FAIRBANKS - For more than 30 years, the Fairbanks Exploration Company maintained a small company enclave at the north end of Illinois Street. The west side of the street was where the company’s office and industrial facilities were located, and company housing lined the east side of the street. The company or its employees once owned houses from Noyes Slough to Slater Street (kitty-corner to Phillips Field Road). At least 11 company houses used to stand there, but now only eight survive. All of these houses, as well as the office building and machine shop across the street, are included in the Illinois Street Historic District, established in 2001.
At the north end, on the bank of Noyes Slough, sits the grandest of the surviving F.E. Company houses, built for its general manager in 1935. Shown in the drawing, this was known as the “White House.” It is a 3,746 square-foot two-and-a-half story Colonial Revival house set back from Illinois Street in a stand of trees. Typical of Colonial Revival homes, it has a centrally-placed elaborate entry, with paired windows spaced symmetrically on either side. There is a large exterior brick chimney on the northeast side of the house (facing Noyes Slough). The house was supplied with steam heat from the company power plant across the street.
The nomination forms for the Illinois Street Historic District state that the “White House,” along with a large tract of land, was sold to the Catholic Church in 1964 for the site of Monroe Catholic School. The house was the convent for the nuns working at Monroe School until 1994, when it was sold to a private individual who has maintained it in its original condition.
To the south, on the far side of Monroe, is an F.E. Company housing complex now privately owned and called Tanana Mill Office Park. (Tanana Mill refers to the old sawmill that sat on the bank of Noyes Slough, about where the GVEA facilities are now.) This small planned community, constructed in 1927, consists of four similar bungalow-styled one-story houses with hipped tin roofs. Each house had its own greenhouse, with steam heat provided to the houses and greenhouses from the company power plant.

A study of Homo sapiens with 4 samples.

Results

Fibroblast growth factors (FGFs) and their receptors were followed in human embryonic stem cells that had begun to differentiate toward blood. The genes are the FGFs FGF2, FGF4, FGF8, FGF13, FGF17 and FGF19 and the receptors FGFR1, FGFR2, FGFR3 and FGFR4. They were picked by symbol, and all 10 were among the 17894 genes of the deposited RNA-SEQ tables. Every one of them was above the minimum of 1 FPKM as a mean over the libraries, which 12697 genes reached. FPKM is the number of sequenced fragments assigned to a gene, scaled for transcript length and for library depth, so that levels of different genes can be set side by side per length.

Of the surviving company houses, the oldest is the Noyes house at the corner of Illinois and Minnie Streets. Built in about 1911 by Fred Noyes (who owned the Tanana Mill lumber yard), the house was purchased by the F.E. Company in 1925 and used to house company employees. In 1959 it was sold to a local businessman and is now part of the Chapel of Chimes property. The building’s exterior still retains many of its original features and details.
At the southern end of Illinois Street (on the far side of Minnie Street) are additional houses that, while not owned by the F.E. Company, were constructed by company employees in the early 1930s. There used to be four similarly styled houses between Minnie and Slater Street, but two were eliminated to make room for the Chevron service station. The two remaining ones are both Tudor Revival houses, typified by steeply pitched intersecting rooflines, paired windows, and decorative entryways.
The construction of Period Revival houses by the F.E. Company and its employees was part of a trend. According to the book, “Fairbanks, a City Historic Building Survey,” the building of these types of houses was, “a sign of community prosperity in the 1920s heralded by the arrival of the Alaska Railroad, the rise of air transportation, and the arrival of the F.E. Company.”
Ray Bonnell is a freelance artist and writer and longtime Fairbanks resident. See more of his artwork at http://sketchesofalaska.blogspot.com.